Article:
Buy Firewood Online. Free delivery to Derby and Derbyshire.
Our Logs are ready to burn because they’ve been Kiln Dried. Our recommendation of the day…buy your Kiln Dried Logs in warmer months to benefit from discounts.
Derbyshire can get cold, real cold. In 2010 the lowest temperature recorded in the area was minus 15 °C. This was recorded in January 2010 in Crich, Derbyshire. Be prepared, why not stock up on some Kiln Dried Logs to keep you warm?
Derbyshire is popularly known as a hugely diverse county with town and city surrounded with amazing countryside, where work and play go hand in hand. Derbyshire’s premier city is known as Derby, which although has a long history, is still one of Britain’s youngest cities and was awarded its Charter in 1977 by Her Majesty, the Queen of England.
Britain’s first public park in Derby is known as the Arboretum; it opened in the year 1840 when population growth and industrialisation increased the demand for public spaces. In 1970, about 100 years later, Elvaston Castle Country Park was also opened and this was indeed, the first of its kind.
The park’s layout has not changed much since its opening, apart from areas surrounding the Hall. The Hall was replaced by a landscaped terrace after being demolished in the 60’s. The Orangery, which by the way is now a listed building, still remains and the past stables of Markeaton Hall still remain too. These stables are now home to the Markeaton Craft Village, set up in 1987.
Derbyshire also claims to have the first national park in Britain – i.e. the Peak National Park which is at the southern end of the Pennines, lying between Sheffield city and Manchester city but with boundaries spread into different counties. The park is about 500 square miles with three quarters of it lying within Derbyshire itself.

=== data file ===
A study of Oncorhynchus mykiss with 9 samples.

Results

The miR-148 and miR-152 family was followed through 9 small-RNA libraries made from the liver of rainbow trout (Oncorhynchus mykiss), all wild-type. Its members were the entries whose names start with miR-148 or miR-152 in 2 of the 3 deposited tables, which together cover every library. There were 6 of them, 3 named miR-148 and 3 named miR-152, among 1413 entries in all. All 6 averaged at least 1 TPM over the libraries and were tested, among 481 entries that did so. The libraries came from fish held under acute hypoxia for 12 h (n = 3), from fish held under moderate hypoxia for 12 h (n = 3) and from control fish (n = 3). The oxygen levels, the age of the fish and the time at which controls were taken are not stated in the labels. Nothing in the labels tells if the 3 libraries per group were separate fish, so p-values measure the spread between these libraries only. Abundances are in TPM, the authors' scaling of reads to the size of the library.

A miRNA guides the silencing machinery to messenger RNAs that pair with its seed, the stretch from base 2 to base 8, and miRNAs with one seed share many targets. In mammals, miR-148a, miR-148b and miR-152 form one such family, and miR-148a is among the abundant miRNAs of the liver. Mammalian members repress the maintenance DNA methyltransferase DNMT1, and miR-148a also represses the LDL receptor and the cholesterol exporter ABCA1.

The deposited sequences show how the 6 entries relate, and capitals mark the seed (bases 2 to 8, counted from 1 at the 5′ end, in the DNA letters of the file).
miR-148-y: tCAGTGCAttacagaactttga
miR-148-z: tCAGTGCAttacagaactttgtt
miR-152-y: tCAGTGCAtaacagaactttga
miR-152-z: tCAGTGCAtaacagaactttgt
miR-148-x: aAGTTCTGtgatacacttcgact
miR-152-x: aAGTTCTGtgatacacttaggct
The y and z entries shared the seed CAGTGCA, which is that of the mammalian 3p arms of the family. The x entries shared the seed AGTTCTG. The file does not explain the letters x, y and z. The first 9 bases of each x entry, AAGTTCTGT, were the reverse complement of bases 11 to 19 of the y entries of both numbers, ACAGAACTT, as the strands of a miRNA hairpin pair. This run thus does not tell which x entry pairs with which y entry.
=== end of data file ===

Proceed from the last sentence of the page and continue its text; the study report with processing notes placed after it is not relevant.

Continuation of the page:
Heading out of the city, there is a choice of busy towns with bustling markets and many picturesque villages located just by the city’s outskirts, such as Ashbourne, Bakewell and Chesterfield, surrounded with pristine a countryside as Buxton. This beautiful Georgian Spa town is situated in the centre of the Peak District and lays claim to having the best market place in the country.
Temperature drops in this part of the world are not uncommon in the winter. Therefore, it is vital to stock up on the best type of firewood available. FirewoodFund have kiln dried logs available to buy online and these are premium quality. Plus we provide free delivery to any home in Derby and elsewhere within the county of Derbyshire.
A kiln is needed in order to bring out the moisture content of the woods produced down to about 20% or less. This level of moisture helps to produce the highest heat output from the woods and this implies less logs. It also helps to reduce the smoke, the smell, ash and the tar produced.
Wood Fired Kilns produces very dry and ready-to-burn firewood, no matter how cold the winter, so you needn’t worry next time you run out of log supplies. These kilns are heated with heat from the sun and the waste wood created during firewood production makes the log drying process a carbon neutral one that is very sustainable. For top drawer fire wood, there’s only one name to turn to: FirewoodFund.
Reasons to choose Firewood Fund?
√ Buy Firewood Logs direct online. Checkout using Paypal or Stripe when bulk buying logs.
√ Pay for your bulk Logs supply using your credit/debit card – all major cards accepted.
√ We’ve got a range of options. Save towards your Log Delivery or buy logs for sale (as a one time purchase).
Our bulk Kiln Dried Logs are suitable for:
√ Use in cooler winter months. Ideal for use on your wood burning stove or open fire.
√ Kiln dried logs also perfect for the warmer months. Perfect for using on your Chimnea, Firepit, or Campfire.
√ Log subscription perfect for Public Houses with an Open Fire or Wood Burning Stove.
Not only searching for Kiln Dried Logs??? Looking for a local Fireplace or Wood Burning Stove supplier?
Below we’ve listed a retailer local to your address:
15-19 Ashbourne Road,
You really cannot beat relaxing in front of a Log fire, don’t you think?